This entry was curated by professor Andrew Scheiber of the St. Thomas English Department. Scheiber earned his bachelor's, master's and Ph.D. from Michigan State University and has been at St. Thomas since 1990, where he currently teaches Critical Thinking: Literature and Writing, and American Authors I.
10. The Professor’s House, Willa Cather.
This novel begins as a small-scale drama about the frayed family relations of an aging history professor, but then unexpectedly opens onto a wider vista that stretches across the centuries and across the continent. Along the way we become immersed in profound questions about our relationship to our natural environment, to our own history, and to those who are by our sides in our personal joys and losses. Cather’s prose is deceptively simple and stately, allowing us to breathe the atmosphere of her ideas before we realize how they have changed us.
9. Beloved, Toni Morrison.
Ghost story, neo-slave narrative, testimony to the terrible ferocity of a mother’s love – this book is all that and more. No American novel has portrayed more vividly the horrible legacy of slavery, or the unreckoned costs of the quest for freedom. Morrison’s prose seems to speak directly from the soul of her characters, and Sethe, who would rather kill her children than have them returned to slavery, is one of Morrison’s most fearsome but admirable creations.
8. All the King’s Men, Robert Penn Warren.
Probably the greatest novel written to date about American politics. The chronicle of Willie Stark, who evolves from idealistic nobody to cunning, ruthless master of the machinery of political power, has the sweep of an epic and the depth of a Greek tragedy. And Jack Burden, who tells the story from his not-quite-bystander perspective, ranks with Fitzgerald’s Nick Carraway as one of the most compelling first-person narrators in American literature.
7. Quicksand, Nella Larsen.
A beautiful, talented, well-educated woman of half Danish and half African-American descent struggles to find her place in the world and suffers one of the most terrifying outcomes in all of American literature. Is it America’s troubled racial legacy that brings her down? Is it simply bad choices on her part, driven by some personal demons we can’t quite identify? I’ve read this novel a dozen times or more and it’s still fathomless, as its title implies.
6. Tracks, Louise Erdrich.
A poetic, powerful, irresistible novel, narrated through parallel storylines and populated by fierce, compelling characters who are determined to carry on in the face of devastating personal and cultural loss. My favorite of Erdrich’s many great books; Fleur Pillager, one of Tracks’ central protagonists, is a character for the ages, as much as any created by the Greek dramatists or Shakespeare.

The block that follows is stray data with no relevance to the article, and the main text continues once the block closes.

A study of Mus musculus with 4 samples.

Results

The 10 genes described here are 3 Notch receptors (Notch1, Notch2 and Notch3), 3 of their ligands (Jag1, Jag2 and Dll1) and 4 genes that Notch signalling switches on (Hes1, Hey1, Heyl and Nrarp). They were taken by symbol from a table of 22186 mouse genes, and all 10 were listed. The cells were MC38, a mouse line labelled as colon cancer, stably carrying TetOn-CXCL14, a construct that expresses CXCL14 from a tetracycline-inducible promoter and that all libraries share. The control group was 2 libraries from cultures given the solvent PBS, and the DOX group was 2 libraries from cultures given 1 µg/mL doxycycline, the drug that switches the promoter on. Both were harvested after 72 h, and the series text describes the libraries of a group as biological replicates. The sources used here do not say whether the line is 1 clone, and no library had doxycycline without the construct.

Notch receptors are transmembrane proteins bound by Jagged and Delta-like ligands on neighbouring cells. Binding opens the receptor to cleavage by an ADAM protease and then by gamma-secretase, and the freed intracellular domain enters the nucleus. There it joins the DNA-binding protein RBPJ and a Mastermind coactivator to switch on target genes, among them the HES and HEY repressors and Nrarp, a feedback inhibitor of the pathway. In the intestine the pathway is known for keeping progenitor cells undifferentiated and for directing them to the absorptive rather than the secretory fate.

5. The Bostonians, Henry James.
Seething North/South, red state/blue state antagonisms? Hotly pitched arguments over “tradition” vs. “progress”? Unholy witches’ brew of celebrity, politics and sexuality? It’s all right here, and it’s 1886, not 2016!
4. Daughter of Earth, Agnes Smedley; The Disinherited, Jack Conroy (tie).
I know I’m cheating by putting two titles in a single slot, but these are the two greatest novels in the American proletarian literary tradition. They both tell the same basic story – the rise of an individual from alienation and abject poverty to a political self-awareness and solidarity with others in struggle, but one is told from the female point of view and the other from the male. Both are powerful, heartbreaking and ultimately uplifting.
3. The Awakening, Kate Chopin.
Edna Pontellier, a woman living a comfortable existence as a wife and mother, experiences an “awakening” that leads her to regard everything in her world – her husband, her children, her society, even her biology – as a barrier to her fulfillment as a person. This novel would have been shocking if published in 1999, let alone 1899, when it first appeared in print.
2. The Great Gatsby, F. Scott Fitzgerald.
Gatsby is a ruthless gangster pining for respectability and a lost love. No novel I know of comes closer to seducing us into an embrace of that uniquely American idea that you can rise above the vulgarity of money if only you have enough of it and know how to use it.
1. Invisible Man, Ralph Ellison.
The epic journey of an educated but naive young black man through the hallucinatory labyrinth of American racism, this novel is as abject, profound, and as funny as the blues from which it takes its philosophy and plot structure.
Feel free to post in the comments section which books you agree with, which you think are missing and what your top 10 would be.